When I travel, I like to bring treasures home with me. I have four carved wooden masks I bought in Kenya, and one of the Buddha I found in Katmandu. I have an eyeglass case made out of frog skin from China, a prayer rug from Turkey, and two woven reed baskets from Ethiopia. I collected so much booty in Israel that I had to ship it home in three separate boxes. I prize my icons from Jericho, my first-century glass goblets and my Bedouin silver bracelet. When I handle these things, they stir my memory. Like time machines, they transport me back to where I found them.
It is true that much of what I remember are the shops where I purchased them. In Katmandu, the mask came from the same shop where it was possible to exchange money on the black market. Hundred dollar bills brought the best rate, and there was such a long line of tourists outside the shop that it is a wonder we were not all busted. The rug purchase required hours of formal negotiation, fueled by obligatory glasses of sweet Turkish coffee.
In China, transactions took place in the street. As soon as the local people saw me and my companions, they surrounded us and held out all sorts of wondrous things for our consideration. There was an antique opium pipe with a brass bowl and a jade stem. There were ivory chopsticks in an embroidered silk case. There were traditional baby bonnets with antennae and colorful pompoms on them to scare away malicious spirits.
Since none of us spoke the language, it was unclear how much these things cost. Finally one of us offered the equivalent of three dollars for a pair of embroidered slippers, and the crowd exploded. Some people ran to get more things to sell us while others pushed their goods in our faces. They were all talking at once, each trying to drown the other out. When I spied an opening in the throng, I escaped. A quiet woman carrying a baby followed me and sold me the frog skin case.
This past summer, my destination was the mountains of northern Greece, in a remote region called Zagoria that is just making it onto the tourist maps. The Vikos Gorge is there, along with Smolikas, the second-highest mountain in Greece. The itinerary promised a week of hard hiking, with evenings spent in different villages each night.
The first day I was absorbed by the scenery. It was the day of the solar eclipse, which made the air look speckled when our small group stopped for lunch by a slow-flowing river. The water was so blue it looked dyed. The beach was made of round stones, which felt fine under bare feet that had suffered heavy boots for hours. After a meal of fresh tomatoes, cucumbers, salami and feta cheese, we filled our water bottles from a spring that poured through the roots of an old plane tree. Then we talked until we fell asleep, nestling down in the smooth stones that cradled our lazy bodies like magic finger mattresses.
By the second day I was ready to shop. The village where we would spend the night was supposed to be popular with Greek tourists. I envisioned streets lined with silver shops, icon shops, shops full of carved wooden objects. Instead, I discovered a quiet town with about a dozen pensions and one very good restaurant. There was absolutely nothing to buy except a few postcards and ice cream on a stick.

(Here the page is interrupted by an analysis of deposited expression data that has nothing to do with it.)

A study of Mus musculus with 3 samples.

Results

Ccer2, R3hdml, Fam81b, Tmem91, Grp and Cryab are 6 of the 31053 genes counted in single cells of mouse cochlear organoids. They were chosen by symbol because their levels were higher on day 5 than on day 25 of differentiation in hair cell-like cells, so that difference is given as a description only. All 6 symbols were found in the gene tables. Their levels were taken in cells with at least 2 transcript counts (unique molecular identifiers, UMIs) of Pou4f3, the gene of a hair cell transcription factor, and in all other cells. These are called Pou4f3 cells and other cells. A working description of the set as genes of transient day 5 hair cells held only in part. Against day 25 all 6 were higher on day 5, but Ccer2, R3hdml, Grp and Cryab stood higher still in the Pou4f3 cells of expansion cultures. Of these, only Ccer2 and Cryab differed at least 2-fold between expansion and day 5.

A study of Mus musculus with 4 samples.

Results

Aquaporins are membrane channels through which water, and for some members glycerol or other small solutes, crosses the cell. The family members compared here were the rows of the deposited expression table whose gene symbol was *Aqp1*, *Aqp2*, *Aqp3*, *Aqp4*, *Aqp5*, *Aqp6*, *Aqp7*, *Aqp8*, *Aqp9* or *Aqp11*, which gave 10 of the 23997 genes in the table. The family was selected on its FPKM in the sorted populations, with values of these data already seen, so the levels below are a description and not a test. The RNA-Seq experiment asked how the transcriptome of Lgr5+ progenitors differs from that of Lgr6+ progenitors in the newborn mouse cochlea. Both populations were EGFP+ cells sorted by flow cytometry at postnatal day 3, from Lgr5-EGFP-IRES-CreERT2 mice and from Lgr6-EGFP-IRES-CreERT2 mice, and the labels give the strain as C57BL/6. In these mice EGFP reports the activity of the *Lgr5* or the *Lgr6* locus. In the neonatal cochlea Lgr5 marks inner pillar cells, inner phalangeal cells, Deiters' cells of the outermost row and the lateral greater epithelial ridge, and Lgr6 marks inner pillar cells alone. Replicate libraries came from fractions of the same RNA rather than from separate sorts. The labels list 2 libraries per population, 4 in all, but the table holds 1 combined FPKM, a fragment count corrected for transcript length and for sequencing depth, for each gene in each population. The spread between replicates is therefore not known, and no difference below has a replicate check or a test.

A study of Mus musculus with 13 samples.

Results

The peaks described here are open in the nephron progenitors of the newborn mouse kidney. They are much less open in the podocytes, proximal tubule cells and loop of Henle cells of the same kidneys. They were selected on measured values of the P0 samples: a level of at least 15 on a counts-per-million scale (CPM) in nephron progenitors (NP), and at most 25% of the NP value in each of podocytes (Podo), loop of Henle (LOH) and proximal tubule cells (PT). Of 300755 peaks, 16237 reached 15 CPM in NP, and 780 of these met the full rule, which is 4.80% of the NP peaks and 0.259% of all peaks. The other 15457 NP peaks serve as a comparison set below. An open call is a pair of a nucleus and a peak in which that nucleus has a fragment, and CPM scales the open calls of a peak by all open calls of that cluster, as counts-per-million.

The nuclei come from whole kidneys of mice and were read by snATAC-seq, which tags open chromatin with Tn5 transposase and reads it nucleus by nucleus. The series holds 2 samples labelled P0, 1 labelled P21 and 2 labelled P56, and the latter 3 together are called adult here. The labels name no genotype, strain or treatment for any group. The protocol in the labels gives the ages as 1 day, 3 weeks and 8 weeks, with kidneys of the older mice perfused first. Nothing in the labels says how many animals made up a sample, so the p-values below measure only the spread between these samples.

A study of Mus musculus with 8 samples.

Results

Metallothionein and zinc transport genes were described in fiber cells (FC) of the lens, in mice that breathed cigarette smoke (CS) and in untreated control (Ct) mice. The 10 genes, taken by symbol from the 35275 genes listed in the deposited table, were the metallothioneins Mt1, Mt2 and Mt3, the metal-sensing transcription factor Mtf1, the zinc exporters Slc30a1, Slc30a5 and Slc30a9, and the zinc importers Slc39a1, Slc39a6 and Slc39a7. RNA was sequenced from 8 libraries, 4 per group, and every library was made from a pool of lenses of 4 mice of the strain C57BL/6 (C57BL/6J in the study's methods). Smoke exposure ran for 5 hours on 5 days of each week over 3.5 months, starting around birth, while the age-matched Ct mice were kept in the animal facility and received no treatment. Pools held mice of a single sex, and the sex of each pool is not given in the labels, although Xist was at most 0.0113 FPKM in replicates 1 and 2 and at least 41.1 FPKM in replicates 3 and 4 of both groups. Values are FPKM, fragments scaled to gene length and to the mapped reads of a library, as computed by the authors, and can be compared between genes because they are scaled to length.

The same thing happened in the next village and the next. Slowly I realized that I was in a time warp, among people who did not equate having a good time with buying things. I could walk in the mountains by day and listen to bouzouki music in the town square by night. I could talk for hours over meals of souvlaki and retsina, and I could let the villagers teach me to dance, but I could not shop. There was no T-shirt, no necklace, no salad bowl necessary to make this experience complete. It required no accessories. It was mine for the living of it, and when I got home I would have nothing to show for it but the stories.
Charmed as I was by this wisdom, I was unable to accept it entirely. Before I knew it, I was shopping for stones as I walked each day, searching the path for one with an especially fine color or shape. When I found one, I would hold it until I found a better one. This meant that I almost missed the pair of Egyptian vultures that sailed briefly overhead, and I did not see the shallow alpine lake until I almost stepped in it, but the truth is that I did not want to consider the lilies. I wanted something more permanent that would help me avoid the knowledge that my life, like the lilies, is so sweet and fragile—here today and gone tomorrow—with no purchasable protection from that fact.
As we climbed higher, the stones began to look alike. Trees gave way to bushes, and bushes to grasses. Finally there was nothing but loose shale underfoot as we trudged toward the mountain hut where we would spend the night. That was when I looked down and saw one tiny red flower blooming in the brown dust at my feet. Since Greece gets no rain in August, it must have survived on dew. A little further I saw a yellow one—just one—and after that a white one, nestled in the shadow of a stone. They were all so different, and so improbably alive. Compared to them, rocks were cheap. Rocks would always be there, while these small beauties held nothing back. It was now or never for them. I could love them or not—the choice was mine—but I could not own them. They were not made for that.
Now I am back home, with nothing to show for my trip. Except for this story.